Eighth in series of 9
Named Arts Advocate of the Year by the Sun Valley-Ketchum Chamber & Visitors Bureau, R.L. Rowsey is the epitome of a multi-threat. He is a Company of Fools core company artist and the company's managing director; artistic director of the Sun Valley Summer Symphony Music Conservatory; music director at the Light on the Mountain Spiritual Center, and assistant conductor and accompanist for Caritas Chorale.
It's enough to make anyone else's head spin. But not Rowsey, who with his inimitable energy has become an integral part of the valley's arts community over the past five years while still keeping his feet firmly on the ground.
It's no wonder he was nominated for one of the Chamber's annual Community Awards. To know Rowsey is to love him. There are two enormous factors that support this kind of rampant affection for the man. First, he is an accomplished pianist, musical arranger and performer who lends his talent tirelessly to a myriad of causes.
"I haven't yet learned the word...no," he said with a laugh.
The other reason is his incredible humility and humor. Originally from Richmond, Va., Rowsey has been part of the performing arts world for over two decades. His frantic life as a musical director and conductor with national touring companies of Broadway plays was fulfilling, but Rowsey is more content in a small town where he makes a difference in people's lives.
"It was an honor to find that I was listed as an arts advocate. It made me stop. But I do talk about why arts are essential and not a luxury. And then when I looked at who got this award before me, on the list was Kathy Wygle. If you find yourself on a path Kathy Wygle has walked, then you're on the right path. The work she did allows all of us (in theater) to do what we do."
Also a humble being, Wygle, the artistic director of Laughing Stock Theatre Company, Camp Little Laugh, Sun Valley Shakespeare Festival and the manager of nexStage Theatre, won the award in 2001.
"I think what I am is a facilitator. I make the playground safe for others by moving the building blocks out of the way. In a way, it's getting easier (because of an increase in the talent pool and local support for the arts) but there's more responsibility in a way. My fear is we stop taking chances."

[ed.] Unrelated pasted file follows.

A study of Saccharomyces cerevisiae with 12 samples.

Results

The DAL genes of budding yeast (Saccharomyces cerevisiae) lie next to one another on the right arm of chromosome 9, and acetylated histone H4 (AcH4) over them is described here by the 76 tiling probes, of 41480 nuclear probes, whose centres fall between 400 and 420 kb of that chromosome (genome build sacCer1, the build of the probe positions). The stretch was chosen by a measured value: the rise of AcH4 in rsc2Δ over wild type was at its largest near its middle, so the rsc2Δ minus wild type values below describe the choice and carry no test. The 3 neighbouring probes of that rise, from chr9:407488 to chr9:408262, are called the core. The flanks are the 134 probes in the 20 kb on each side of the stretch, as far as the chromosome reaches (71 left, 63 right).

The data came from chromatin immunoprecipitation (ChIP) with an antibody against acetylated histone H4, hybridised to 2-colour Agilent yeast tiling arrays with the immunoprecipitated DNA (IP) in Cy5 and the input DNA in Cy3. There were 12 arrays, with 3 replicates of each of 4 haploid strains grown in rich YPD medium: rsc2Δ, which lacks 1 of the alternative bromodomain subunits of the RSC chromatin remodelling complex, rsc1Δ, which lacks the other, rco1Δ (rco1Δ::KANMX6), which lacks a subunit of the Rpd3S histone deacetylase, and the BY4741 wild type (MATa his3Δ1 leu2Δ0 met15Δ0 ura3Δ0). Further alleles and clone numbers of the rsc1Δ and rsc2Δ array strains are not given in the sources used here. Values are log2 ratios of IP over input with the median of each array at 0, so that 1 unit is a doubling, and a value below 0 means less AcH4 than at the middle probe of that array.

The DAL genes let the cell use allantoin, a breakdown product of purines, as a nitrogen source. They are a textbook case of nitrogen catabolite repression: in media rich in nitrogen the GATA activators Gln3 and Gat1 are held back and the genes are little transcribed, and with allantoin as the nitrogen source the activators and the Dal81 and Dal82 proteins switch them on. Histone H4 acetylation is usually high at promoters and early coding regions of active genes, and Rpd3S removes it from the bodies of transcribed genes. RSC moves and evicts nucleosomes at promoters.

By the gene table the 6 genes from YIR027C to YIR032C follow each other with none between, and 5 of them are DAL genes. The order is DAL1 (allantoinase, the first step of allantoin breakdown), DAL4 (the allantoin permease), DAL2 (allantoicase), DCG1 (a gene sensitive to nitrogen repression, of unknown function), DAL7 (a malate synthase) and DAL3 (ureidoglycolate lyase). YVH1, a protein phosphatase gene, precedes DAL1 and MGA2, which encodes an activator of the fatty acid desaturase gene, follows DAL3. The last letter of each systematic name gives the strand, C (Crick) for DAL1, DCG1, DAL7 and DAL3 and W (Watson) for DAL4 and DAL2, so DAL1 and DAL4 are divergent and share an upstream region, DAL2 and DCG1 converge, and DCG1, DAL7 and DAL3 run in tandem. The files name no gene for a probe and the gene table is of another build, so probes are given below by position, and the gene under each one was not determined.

Somehow it's hard to imagine that happening.
Since moving to Hailey, he's seen the arts culture in the valley "change, dramatically, musically and choreographically," he said.
Rowsey hopes to see more collaboration between arts organizations in the future.
"A lot (of collaboration) now is behind the scenes," he said. "The arts are growing. It's a small town but the sources are not unlimited."
In February, he was the musical director and accompanist for a Footlight Dance Centre performance at the Community Campus.
"There are so many more people to reach. Our goal is to put people in their seats. They come, spend money and go out to dinner and go shop and they go home and tell their friends.
"My hope for the future is we will address how to make it more accessible to even more people for all the cultural events. There are lots of options. We need to get the word out that theater is accessible not just financially but for those busy moms and for people who aren't sure they can relate to the theater and who maybe don't know if it's for them."
And that is the gist of choosing Rowsey as the year's Arts Advocate. He is for you.
Make dinner reservations
The 8th Annual Community Awards Night will be held at the River Run Lodge, Friday, March 18. Social hour is at 7 p.m. and dinner and the awards ceremony begins at 8 p.m. Valley entertainer Chris Millspaugh will perform "The Way I See It" after the awards ceremony. Tickets are $45 per person. For reservations contact Angela Shetler at 725-2103 or e-mail email@example.com.